Furlough Days Could Harm Slacker Economy, Increase Workplace Violence

Funny story written by Philip Moon

Monday, 7 December 2009


New York - The increase in furloughs, which are unpaid days off from the job, could have a negative effect on the economy overall, says a new report. Furlough days, which have been used in lieu of layoffs by government and private companies, have created pressure on employees to do more in less time, which could cut into industries built around employee slacking.

"Goofing around at work has always been a time honored tradition, but in the internet age it's big business, supplying the livelihoods of millions," says Harvard economist John. D. Fournier III.

While some economists have cited that effect of goofing time as good for the creative soul, especially at companies like Google, Fournier has look at the uncreative masses and the effect the lack of slacking has even in their soulless mechanistic jobs.

"The human mind needs a break from humdrum of the office life. Working a boring job makes it necessary to find amusement and breaks," says psychologist Alfred Meyer of Yale.

The demand for mental escapes used to be supplied by newspapers, which had pages of comics, crosswords and other amusement, as well as news to take the mind away from the desk. The rise of the Internet brought Flash Games, online fantasy sports leagues, and news aggregators that bring the weirdest and most amusing news to the masses.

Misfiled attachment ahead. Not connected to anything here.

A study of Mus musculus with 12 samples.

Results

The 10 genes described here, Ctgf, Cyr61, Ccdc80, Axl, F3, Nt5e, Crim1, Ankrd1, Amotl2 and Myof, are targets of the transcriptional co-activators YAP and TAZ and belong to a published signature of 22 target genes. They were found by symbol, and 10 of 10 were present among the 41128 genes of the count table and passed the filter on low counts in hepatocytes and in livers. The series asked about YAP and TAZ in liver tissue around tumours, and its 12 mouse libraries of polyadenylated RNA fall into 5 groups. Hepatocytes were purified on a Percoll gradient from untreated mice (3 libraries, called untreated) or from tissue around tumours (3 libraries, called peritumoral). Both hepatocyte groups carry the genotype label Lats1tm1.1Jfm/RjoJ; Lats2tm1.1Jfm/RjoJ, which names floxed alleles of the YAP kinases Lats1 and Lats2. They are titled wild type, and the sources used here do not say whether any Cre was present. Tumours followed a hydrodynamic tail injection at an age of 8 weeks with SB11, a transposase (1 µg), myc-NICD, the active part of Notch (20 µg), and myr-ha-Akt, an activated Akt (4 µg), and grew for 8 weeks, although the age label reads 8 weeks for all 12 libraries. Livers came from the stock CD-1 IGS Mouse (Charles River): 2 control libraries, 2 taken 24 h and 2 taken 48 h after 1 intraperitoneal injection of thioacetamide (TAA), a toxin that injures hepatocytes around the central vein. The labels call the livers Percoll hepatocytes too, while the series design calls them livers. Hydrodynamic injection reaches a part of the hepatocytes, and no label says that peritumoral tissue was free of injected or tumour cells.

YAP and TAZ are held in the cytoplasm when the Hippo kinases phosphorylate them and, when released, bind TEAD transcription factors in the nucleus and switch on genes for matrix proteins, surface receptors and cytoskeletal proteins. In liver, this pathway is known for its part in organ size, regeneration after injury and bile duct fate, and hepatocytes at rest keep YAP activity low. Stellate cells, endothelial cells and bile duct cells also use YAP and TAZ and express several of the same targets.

"The slacking off industry on the Internet alone supplies jobs to at least 4 million people, whose jobs are now at risk," said Kendra Clay or Wired.com, "Internet ad spending is questionable in this economy and a drop in site views will lower what advertisers are willing to pay."

ESPN interactive media analyst Jorge Martinez said that he expected the furloughs, which are likely to spread out over the next year, would wreak havoc on the sports industry. He said competition between co-workers in betting accounted for 40% of fantasy leagues and sports betting.

"Already we've questioned rebranding March Madness as "March Moderation" due to the likely lack of interest in brackets because of the furlough days," Martinez said.

Some people have wondered whether being at work is essential to goofing off, since furloughs would allow more time to surf the internet. Dr. Haru Woo, Standford Labor Professor, said that the work environment was essential to slacking.

"Humans feel the need to work for their self esteem, and without a job they will drift along and try to find one. You'll find people volunteering, working around the house or checking the classified ads instead of goofing off at work. Only the steadying influence and boredom of a 9-5 job can motivate slacking," Woo said.

Woo also said competition between co-workers on the job manifested itself into fantasy leagues and bracket betting, which allowed for feelings of animosity to be channeled into safe activities. Without a safe outlet for the stresses caused by a bad economy and competition for rewards, more work place violence could break out.

"I'd expect a rise in workplace shooters and general vandalism as stress takes it toll," Woo predicted.

Woo suggested employers allow furloughed employees to come in on unpaid days in order to maintain a healthy dose of boredom. He said office safety and productivity would be maintained.

The funny story above is a satire or parody. It is entirely fictitious.